Seeing what’s real

DSCF9513 editBeing a tourist is a weird experience. I enjoyed my recent trip to Italy with my mum very much, but it kind of felt like we went to Venice-land. Venice is so tourist oriented that it is too expensive for many local people to live there. Instead they live on the mainland and bus in to their jobs in hotels, restaurants and shops in the unique city where everyone travels on foot or by boat. Birmingham may have more canals but we also have exponentially more roads. Our few days in Florence were quite a shock as we suddenly had to get out of the way of many cars, taxis and the ubiquitous mopeds.

We saw beautiful buildings and gardens, museums and galleries as well as eating mostly lovely food in medium priced restaurants. I guess Venice and Florence have always catered to the more middle class travellers but it felt a bit like what was on offer was now so much more targeted. Many places clearly thrived or suffered on their TripAdvisor reviews. Most people spoke English and didn’t seem too bothered if you made an effort to speak any Italian or not (although we did try).Piazza San Marco

I’d encountered some pushy street sellers on my visits to Italy before but the selfie stick sellers were something else. At every key viewpoint or site in either city there were many men, often of African or Middle Eastern origin desperate to sell you this technical arm extension to allow you to capture yourself within the famous view you were ignoring in order to take the picture. Somehow it’s not about what you see but that you can be seen to be there. I actually did take a few selfies with my mum (using my arm) and this seemed novel enough to capture her smiling which is a rarity in a photograph. But this was a real reflection of us on a trip that we absolutely enjoyed, even while I was doubting that we were seeing the real Venice, or if the real Venice even exists to be seen any more.

We did tend to avoid the busiest parts a lot of the time, seeking out quieter restaurants and a trip out to the islands of Burano, Murano and Torcello as well as a trip out from Florence to Fiesole. However, even these were recommended by guidebooks and attracted plenty of IMG_3738tourists. Burano has to be one of the most deliberately photogenic places I have ever visited with rows of houses painted in various bright colours alongside canals and bridges. Articles I have found state how this dates back many years and is about helping fishermen to identify their houses through the fog. I’m really not sure I’m convinced as it seems like a perfect gimmick to attract tourists to visit a small place where there really isn’t that much else to look at. There were plenty of shops selling lace for which the island is famous, but I was sceptical that many of the items were particularly local.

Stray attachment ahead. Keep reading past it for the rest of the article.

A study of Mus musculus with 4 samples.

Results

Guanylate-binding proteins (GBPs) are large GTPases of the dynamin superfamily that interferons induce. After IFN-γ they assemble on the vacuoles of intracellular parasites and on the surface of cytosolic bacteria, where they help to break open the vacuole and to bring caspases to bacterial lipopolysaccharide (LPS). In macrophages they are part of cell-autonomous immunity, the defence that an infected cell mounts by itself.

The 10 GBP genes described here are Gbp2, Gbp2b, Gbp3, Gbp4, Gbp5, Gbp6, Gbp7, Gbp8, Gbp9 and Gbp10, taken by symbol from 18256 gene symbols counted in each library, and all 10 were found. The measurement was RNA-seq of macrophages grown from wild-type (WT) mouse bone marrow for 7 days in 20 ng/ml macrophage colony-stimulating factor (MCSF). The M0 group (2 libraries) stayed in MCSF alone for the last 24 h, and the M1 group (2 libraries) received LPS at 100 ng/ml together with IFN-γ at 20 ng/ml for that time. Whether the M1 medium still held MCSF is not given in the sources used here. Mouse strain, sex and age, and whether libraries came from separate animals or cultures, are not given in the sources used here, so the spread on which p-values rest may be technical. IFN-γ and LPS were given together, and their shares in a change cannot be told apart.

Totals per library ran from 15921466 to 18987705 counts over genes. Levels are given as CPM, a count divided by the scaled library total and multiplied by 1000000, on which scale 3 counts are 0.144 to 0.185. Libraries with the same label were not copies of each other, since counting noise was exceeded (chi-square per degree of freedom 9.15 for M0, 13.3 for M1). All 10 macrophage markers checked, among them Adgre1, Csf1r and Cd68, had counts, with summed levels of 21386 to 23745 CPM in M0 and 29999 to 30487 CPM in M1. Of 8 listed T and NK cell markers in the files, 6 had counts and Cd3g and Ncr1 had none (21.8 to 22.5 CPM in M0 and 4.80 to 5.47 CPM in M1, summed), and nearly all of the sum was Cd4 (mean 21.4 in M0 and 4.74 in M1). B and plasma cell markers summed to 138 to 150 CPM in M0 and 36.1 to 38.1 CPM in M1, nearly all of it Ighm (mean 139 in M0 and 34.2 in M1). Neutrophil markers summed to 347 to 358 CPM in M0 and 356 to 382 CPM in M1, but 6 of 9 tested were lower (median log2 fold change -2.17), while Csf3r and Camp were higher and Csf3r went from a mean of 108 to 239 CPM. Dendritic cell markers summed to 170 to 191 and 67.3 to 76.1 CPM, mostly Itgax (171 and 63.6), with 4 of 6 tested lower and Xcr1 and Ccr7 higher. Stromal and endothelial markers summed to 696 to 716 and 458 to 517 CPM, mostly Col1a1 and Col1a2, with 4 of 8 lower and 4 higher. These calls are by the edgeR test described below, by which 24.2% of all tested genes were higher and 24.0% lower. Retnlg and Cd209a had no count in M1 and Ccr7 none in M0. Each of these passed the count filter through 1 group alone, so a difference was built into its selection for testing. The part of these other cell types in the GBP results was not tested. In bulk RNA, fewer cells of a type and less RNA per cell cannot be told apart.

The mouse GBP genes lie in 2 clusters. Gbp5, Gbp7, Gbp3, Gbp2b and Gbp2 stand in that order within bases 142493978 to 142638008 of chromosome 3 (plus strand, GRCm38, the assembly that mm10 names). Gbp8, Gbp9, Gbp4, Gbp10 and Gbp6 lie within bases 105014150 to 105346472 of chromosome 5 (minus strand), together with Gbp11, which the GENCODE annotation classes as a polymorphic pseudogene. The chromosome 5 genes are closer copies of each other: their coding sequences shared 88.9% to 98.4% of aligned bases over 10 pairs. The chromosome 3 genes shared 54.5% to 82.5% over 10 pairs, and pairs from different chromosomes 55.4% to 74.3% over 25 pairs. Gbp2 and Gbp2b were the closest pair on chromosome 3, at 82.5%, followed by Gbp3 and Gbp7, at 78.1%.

Similarly Murano is famous for glass, and there were numerous shops here and on the main Venice islands selling jewellery and other items from the brightly coloured glass which may have been made on Murano, made from Murano glass but assembled elsewhere or inspired by Murano glass but entirely from China. Depending on your budget you could buy the genuine, authenticated item, a piece of related glassware or a cheaper knockoff – some of which looked much cheaper and nastier but others of which might have been quite convincing.

The masks which are also a part of the Venice mythology may also imported and machine formed in plastic or they may be locally made of the traditional leather or cartapesta (papier-mâché) and painted in the shop – they even had some mask painting workshops for tourists. When I went to Venice in 1999 I got chatting to a man in a mask shop who showed me more about making the cartapesta versions and I used the skills later in my drama degree and dramatherapy work. This felt like a much more genuine experience of mask making, although of course, masks by their nature allow you to put on a front and conceal what’s underneath.

But any good drama or dramatherapy student will tell you how work with masks can also be revealing, and that in portraying even a stereotypical part we may get in touch with a deeper and hidden part of ourselves. And similarly, I think there was something revealing about the Venice experience, however inauthentic. The rampant consumer culture where almost all the shops and services were targeted specifically at tourists, hotels which sought to look the part even if underlying corners were cut to reduce costs and maximise profits, IMG_3793even that selfie stick which made it all about you and looking good on social media. I think this does say something about our society and about what the average tourists wants, even while they scour the guidebooks and websites for the unspoilt corners and the authentic restaurant that is popular with locals but will also supply an attractive Instagram picture of your meal you can upload using the free wifi.

The heat was real, and the peeling paint and graffiti once you got off the main tourist tracks also seemed more real. My affection for my mum and our occasional mis-steps with public transport and baby octopuses made for a bit more reality too. While some service seemed more formulaic, there were staff in one hotel who did make more of an effort to be more personally welcoming. I guess you need an insider track to get to see the real place underneath and I have been lucky enough to get this through hospitality with more local people when I have visited Canada, Bolivia and Peru and even back in 99 when I was inter-railing, feeling more like a traveller than a tourist.

But I guess most people go on holiday to get away from real life and to experience a fantasy dream world where you don’t have to work, where it’s all about having fun, relaxing, or seeing beautiful, interesting places and things. Maybe I should stop analysing it all and just be grateful and show you some nice photographs. Even if it wasn’t real, it was lovely.